U.S. Military “Don’t Ask, Don’t Tell” Policy Officially Ends

President Barack Obama signs the certification stating that the statutory requirements for repeal of DADT (Don't Ask, Don't Tell) have been met, in the Oval Office, July 22, 2011. Pictured, from left, are: Brian Bond, Deputy Director of Public Liaison; Kathleen Hartnett, Associate Counsel to the President; Secretary of Defense Leon Panetta; Kathryn Ruemmler, Counsel to the President; Chairman of the Joint Chiefs of Staff Admiral Mike Mullen; and Vice President Joe Biden. (Official White House Photo by Pete Souza)

“Effective today (Tuesday – Sept. 20, 2011), statements about sexual orientation or lawful acts of homosexual conduct will not be considered as a bar to military service or admission to Service academies, ROTC or any other accession program,” that’s the official word from a Memorandum sent out by the Under Secretary of Defense Clifford Stanley.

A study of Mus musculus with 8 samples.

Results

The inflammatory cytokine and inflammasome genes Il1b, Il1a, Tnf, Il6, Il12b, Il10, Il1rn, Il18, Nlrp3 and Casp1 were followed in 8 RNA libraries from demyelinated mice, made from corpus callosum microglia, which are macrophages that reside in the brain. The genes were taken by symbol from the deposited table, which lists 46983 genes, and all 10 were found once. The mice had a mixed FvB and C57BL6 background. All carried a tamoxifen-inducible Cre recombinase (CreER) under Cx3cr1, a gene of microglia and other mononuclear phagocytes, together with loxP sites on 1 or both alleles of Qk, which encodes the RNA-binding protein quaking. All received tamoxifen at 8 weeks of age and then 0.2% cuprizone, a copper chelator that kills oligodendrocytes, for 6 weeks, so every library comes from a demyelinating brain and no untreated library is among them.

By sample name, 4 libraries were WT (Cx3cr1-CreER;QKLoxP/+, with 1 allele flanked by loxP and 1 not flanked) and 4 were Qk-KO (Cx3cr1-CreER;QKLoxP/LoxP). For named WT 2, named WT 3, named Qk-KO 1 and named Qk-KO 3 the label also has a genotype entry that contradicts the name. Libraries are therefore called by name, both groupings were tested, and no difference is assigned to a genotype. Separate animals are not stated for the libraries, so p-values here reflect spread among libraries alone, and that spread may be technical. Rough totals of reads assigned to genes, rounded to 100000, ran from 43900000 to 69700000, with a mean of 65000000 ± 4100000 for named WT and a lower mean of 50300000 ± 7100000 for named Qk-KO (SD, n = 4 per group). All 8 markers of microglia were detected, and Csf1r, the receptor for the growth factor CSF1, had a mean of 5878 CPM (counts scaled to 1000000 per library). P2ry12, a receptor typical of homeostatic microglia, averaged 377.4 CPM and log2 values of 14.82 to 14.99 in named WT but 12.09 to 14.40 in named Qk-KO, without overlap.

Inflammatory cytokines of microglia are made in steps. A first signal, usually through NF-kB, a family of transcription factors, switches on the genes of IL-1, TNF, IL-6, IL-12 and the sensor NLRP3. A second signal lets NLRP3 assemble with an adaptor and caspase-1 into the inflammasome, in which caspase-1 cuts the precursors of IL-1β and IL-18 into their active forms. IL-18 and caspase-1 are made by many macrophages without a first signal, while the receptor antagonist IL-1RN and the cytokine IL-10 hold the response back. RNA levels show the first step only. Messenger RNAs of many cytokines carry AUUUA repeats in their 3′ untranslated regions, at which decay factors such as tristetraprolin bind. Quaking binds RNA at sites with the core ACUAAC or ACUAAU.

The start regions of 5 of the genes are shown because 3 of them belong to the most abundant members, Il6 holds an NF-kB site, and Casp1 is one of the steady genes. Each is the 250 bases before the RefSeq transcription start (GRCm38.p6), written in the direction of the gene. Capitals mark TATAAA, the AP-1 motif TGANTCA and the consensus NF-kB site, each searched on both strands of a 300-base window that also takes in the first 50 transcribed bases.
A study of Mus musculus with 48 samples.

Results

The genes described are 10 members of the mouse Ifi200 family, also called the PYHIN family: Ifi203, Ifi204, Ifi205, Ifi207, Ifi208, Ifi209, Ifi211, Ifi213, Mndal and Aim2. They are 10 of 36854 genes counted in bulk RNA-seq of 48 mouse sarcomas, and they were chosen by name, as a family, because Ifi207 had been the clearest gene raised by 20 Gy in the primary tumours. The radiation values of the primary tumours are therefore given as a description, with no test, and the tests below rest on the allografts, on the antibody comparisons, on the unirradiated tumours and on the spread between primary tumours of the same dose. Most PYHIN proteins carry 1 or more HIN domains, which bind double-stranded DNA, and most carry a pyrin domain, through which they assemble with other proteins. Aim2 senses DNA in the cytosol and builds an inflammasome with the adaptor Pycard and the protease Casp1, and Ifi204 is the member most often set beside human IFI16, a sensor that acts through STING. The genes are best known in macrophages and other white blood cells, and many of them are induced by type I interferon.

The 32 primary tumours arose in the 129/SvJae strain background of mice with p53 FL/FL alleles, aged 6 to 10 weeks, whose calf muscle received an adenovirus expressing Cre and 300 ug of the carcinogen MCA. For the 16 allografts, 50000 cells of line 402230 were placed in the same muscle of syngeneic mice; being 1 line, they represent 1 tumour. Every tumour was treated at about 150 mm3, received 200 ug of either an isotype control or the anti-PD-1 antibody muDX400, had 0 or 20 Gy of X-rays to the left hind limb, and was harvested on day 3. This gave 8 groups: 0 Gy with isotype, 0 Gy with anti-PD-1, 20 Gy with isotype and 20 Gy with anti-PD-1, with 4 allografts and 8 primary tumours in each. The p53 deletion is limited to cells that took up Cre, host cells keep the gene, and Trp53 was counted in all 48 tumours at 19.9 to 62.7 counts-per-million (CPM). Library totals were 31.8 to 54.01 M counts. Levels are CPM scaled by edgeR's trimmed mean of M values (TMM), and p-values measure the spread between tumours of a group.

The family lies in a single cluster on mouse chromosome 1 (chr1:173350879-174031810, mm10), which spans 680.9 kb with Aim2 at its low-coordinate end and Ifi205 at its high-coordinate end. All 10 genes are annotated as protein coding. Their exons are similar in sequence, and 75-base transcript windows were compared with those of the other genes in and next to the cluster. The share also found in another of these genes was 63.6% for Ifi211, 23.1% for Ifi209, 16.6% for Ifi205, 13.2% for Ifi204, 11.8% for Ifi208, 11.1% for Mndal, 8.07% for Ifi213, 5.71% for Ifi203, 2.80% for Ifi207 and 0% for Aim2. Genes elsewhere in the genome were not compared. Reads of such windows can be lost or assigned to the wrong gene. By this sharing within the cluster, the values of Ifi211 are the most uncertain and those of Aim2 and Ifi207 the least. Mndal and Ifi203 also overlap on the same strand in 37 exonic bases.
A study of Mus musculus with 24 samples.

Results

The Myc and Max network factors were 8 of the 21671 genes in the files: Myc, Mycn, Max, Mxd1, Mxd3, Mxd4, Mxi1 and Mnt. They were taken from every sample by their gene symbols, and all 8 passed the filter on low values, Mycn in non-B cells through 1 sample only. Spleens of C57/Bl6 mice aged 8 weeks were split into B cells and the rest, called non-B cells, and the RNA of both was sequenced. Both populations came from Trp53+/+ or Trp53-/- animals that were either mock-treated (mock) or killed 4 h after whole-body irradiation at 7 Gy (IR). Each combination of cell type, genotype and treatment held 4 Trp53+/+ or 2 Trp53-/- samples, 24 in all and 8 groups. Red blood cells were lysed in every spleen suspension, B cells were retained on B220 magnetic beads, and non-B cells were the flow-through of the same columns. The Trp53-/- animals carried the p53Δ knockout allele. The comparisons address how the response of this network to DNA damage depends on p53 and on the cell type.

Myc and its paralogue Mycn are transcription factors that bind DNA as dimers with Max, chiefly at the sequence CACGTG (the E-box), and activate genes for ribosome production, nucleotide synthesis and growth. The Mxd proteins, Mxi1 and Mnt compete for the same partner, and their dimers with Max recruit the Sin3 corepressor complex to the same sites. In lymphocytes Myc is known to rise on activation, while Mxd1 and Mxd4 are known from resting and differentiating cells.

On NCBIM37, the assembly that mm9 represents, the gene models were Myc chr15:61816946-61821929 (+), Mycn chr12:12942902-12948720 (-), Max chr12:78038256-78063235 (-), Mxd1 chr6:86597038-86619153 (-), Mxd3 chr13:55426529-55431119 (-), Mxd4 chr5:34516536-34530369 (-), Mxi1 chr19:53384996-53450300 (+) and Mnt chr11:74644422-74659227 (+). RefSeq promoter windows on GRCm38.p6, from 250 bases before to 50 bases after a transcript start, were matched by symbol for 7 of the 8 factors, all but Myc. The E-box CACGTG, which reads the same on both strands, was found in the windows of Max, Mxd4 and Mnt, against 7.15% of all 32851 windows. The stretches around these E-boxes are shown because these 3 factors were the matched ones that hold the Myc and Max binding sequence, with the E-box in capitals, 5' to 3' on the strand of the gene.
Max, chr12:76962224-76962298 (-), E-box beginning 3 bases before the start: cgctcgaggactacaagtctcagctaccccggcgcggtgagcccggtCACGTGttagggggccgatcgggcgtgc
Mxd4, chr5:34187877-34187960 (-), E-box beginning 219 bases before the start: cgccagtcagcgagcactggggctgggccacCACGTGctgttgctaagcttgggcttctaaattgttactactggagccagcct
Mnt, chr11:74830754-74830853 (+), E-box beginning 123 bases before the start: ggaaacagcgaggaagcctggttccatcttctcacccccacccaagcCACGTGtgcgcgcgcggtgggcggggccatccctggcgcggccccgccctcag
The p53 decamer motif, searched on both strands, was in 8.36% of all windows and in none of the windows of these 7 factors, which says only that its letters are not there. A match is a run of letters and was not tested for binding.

Additional materials distributed by the Department of Defense regarding repeal of  “Don’t Ask, Don’t Tell”:

One poll taken after the Congressional repeal of  “Don’t Ask, Don’t Tell” showed support by 67 percent. However, not all agree with the policy change that for the first time allows U.S. military members to be open about their sexual orientation without fear of reprisal.

Here are a series of National Public Radio reports on the repeal and what to expect:

The Stars and Stripes article on repeal of Don’t Ask, Don’t Tell is generating some online comments some supportive others predict the repeal is “Not going to work out well at all.”

And there’s the magazine OutServe for the Association of Actively Serving LGBT Military Personnel. The “Repeal Issue” for September 2011 features a photo essay of military members “who served in silence” during the 18 years of Don’t Ask, Don’t Tell.